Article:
Personal Skills for High-Performance Directors and Boards
You cannot have a high-performance board without high-performing directors. And you will have neither without the requisite personal skills to lead those around you and your business to a higher level.
While there are numerous personal skills that will serve directors well, let us explore just three of these.
Manage your time wisely so that you are well-prepared for board meetings. You should take between half of to double the time of a board meeting to do this. This means that if your board meeting is four hours long, it could take you anywhere from two to eight hours to prepare effectively. Ensure that you block this amount of time in your diary so that you focus on what you need to achieve.
Conclude reporting timeously so that all stakeholders – whether tax regulatory bodies, owners, shareholders or the public – receive information as required. The consequences of not doing so are vast.
You have limited time in a board meeting. Ensure that you communicate in a manner that gets your point across succinctly yet effectively. Part of planning for the meeting is noting what must be tabled and gathering relevant information to back up the discussion. Share only the most relevant points when leading the discussion, bearing in mind the purpose of the meeting and the impact of the final decision – and of not deciding.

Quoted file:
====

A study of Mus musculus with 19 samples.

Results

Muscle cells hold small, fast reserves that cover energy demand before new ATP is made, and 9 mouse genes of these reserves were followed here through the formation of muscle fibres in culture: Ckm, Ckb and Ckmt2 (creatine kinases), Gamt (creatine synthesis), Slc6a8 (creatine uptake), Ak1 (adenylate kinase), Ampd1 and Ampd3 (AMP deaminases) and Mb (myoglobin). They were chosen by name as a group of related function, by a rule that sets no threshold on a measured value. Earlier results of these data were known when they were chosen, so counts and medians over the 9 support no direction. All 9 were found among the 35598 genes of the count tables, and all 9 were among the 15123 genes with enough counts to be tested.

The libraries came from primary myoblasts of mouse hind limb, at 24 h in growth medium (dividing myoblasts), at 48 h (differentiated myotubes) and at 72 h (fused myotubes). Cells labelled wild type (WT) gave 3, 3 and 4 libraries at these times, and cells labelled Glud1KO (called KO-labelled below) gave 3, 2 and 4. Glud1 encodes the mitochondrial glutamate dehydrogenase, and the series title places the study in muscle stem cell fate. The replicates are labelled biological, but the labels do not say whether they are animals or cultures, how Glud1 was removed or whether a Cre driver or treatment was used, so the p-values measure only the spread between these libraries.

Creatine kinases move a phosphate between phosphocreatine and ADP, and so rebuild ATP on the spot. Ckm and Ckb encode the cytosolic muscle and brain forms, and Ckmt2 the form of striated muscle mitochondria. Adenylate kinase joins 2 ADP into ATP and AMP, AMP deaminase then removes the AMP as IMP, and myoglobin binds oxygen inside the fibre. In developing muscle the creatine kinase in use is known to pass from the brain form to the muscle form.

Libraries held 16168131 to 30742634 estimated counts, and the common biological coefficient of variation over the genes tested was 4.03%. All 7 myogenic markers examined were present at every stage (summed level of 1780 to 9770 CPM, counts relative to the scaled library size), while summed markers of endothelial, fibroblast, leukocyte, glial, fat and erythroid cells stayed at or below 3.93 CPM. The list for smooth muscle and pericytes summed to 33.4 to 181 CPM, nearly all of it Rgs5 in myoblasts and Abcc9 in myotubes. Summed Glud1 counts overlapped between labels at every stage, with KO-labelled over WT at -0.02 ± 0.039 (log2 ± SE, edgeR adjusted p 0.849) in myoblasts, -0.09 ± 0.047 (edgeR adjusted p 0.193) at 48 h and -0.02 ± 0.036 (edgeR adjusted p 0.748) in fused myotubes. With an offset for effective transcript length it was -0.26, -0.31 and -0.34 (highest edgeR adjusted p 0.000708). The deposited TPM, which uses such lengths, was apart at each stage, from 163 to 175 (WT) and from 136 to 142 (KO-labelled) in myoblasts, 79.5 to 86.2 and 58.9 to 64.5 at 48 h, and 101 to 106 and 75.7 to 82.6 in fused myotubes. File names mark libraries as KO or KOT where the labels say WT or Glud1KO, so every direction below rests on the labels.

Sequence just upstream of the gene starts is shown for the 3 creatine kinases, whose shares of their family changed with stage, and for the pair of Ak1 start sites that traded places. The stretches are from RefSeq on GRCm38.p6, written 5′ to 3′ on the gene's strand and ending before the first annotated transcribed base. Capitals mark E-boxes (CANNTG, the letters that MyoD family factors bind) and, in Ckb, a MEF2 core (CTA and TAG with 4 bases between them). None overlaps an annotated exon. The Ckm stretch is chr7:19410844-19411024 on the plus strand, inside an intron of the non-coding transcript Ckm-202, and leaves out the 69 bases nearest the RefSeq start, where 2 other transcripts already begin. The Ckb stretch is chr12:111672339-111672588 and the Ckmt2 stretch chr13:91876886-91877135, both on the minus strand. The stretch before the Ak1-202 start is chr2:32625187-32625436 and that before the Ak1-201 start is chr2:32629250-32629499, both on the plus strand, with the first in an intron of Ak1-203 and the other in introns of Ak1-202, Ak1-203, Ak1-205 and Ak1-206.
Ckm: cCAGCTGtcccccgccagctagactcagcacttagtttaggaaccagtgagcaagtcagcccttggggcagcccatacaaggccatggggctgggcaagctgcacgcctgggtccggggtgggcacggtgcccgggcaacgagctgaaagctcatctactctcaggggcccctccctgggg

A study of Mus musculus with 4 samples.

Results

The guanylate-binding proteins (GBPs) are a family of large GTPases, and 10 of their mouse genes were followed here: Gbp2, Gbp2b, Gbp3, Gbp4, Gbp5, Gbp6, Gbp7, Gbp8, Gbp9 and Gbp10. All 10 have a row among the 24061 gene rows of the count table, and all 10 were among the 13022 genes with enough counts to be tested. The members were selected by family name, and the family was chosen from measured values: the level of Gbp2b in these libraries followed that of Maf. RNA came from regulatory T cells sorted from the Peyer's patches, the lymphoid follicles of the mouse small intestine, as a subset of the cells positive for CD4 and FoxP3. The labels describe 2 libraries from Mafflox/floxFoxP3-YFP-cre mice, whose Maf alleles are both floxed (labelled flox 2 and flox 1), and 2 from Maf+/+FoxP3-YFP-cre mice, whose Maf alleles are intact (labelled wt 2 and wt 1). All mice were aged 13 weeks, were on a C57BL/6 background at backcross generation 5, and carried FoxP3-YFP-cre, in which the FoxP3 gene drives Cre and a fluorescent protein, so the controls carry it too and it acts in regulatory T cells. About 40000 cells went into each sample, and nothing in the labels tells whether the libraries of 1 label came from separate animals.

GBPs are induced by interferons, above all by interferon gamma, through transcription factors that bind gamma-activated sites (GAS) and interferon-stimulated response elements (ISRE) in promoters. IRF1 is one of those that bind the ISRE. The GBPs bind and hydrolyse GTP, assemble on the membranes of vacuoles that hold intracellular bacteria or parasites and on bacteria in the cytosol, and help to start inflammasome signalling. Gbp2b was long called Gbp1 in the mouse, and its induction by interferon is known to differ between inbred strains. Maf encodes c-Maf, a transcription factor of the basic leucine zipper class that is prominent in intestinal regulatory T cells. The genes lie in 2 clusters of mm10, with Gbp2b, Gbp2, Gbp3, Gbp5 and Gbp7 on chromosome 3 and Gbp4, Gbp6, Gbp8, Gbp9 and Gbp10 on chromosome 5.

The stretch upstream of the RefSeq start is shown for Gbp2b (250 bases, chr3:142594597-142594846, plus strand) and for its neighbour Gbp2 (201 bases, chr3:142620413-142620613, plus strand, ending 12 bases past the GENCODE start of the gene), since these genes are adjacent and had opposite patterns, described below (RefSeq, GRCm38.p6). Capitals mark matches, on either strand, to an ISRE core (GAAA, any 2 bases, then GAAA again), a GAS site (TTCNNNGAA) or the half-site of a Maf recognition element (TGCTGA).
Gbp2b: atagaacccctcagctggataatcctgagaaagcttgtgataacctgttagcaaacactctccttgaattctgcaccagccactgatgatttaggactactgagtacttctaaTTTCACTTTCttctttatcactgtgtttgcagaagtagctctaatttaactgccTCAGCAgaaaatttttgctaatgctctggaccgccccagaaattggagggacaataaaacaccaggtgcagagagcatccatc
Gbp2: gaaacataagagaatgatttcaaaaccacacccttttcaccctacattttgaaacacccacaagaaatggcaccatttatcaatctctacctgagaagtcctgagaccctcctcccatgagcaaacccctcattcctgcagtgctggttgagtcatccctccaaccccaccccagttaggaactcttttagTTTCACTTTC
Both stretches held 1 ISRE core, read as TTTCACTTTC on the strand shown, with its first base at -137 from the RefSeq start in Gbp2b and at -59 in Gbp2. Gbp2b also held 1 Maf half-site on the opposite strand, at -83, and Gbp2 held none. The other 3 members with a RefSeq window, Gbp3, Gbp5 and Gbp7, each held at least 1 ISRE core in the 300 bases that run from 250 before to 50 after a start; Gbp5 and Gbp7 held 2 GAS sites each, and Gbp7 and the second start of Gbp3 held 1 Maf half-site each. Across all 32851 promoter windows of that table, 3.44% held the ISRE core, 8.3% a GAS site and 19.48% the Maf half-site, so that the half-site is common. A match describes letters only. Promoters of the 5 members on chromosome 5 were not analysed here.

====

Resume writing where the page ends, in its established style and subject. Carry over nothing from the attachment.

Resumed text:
Communicating effectively also manages expectations. It is a no-brainer that you need to inform those affected if you are unable to attend a meeting. In the same manner, be upfront with management and shareholders if anything is amiss. It is in everyone’s best interests that you keep stakeholders abreast of any developments – whether positive or unfavourable.
Having an enquiring mind fosters thinking out of the box and looking for solutions where others might not. This is especially useful when investigating and considering joint ventures and mergers. Asking questions that explore new avenues – whether for new products or processes – helps businesses to adapt and thrive. A board of curious directors supports high performance.
Kieron McRae, Head of Sirdar Guide, recommends that all board members and boards as a whole undergo regular assessment and evaluation of their skills and ways of working. He shares, “Sirdar’s board evaluation process provides a learning experience for executive directors who often move between the role of director and manager, and who review independent directors’ performance. The feedback and insight provided support improved performance in the next period.”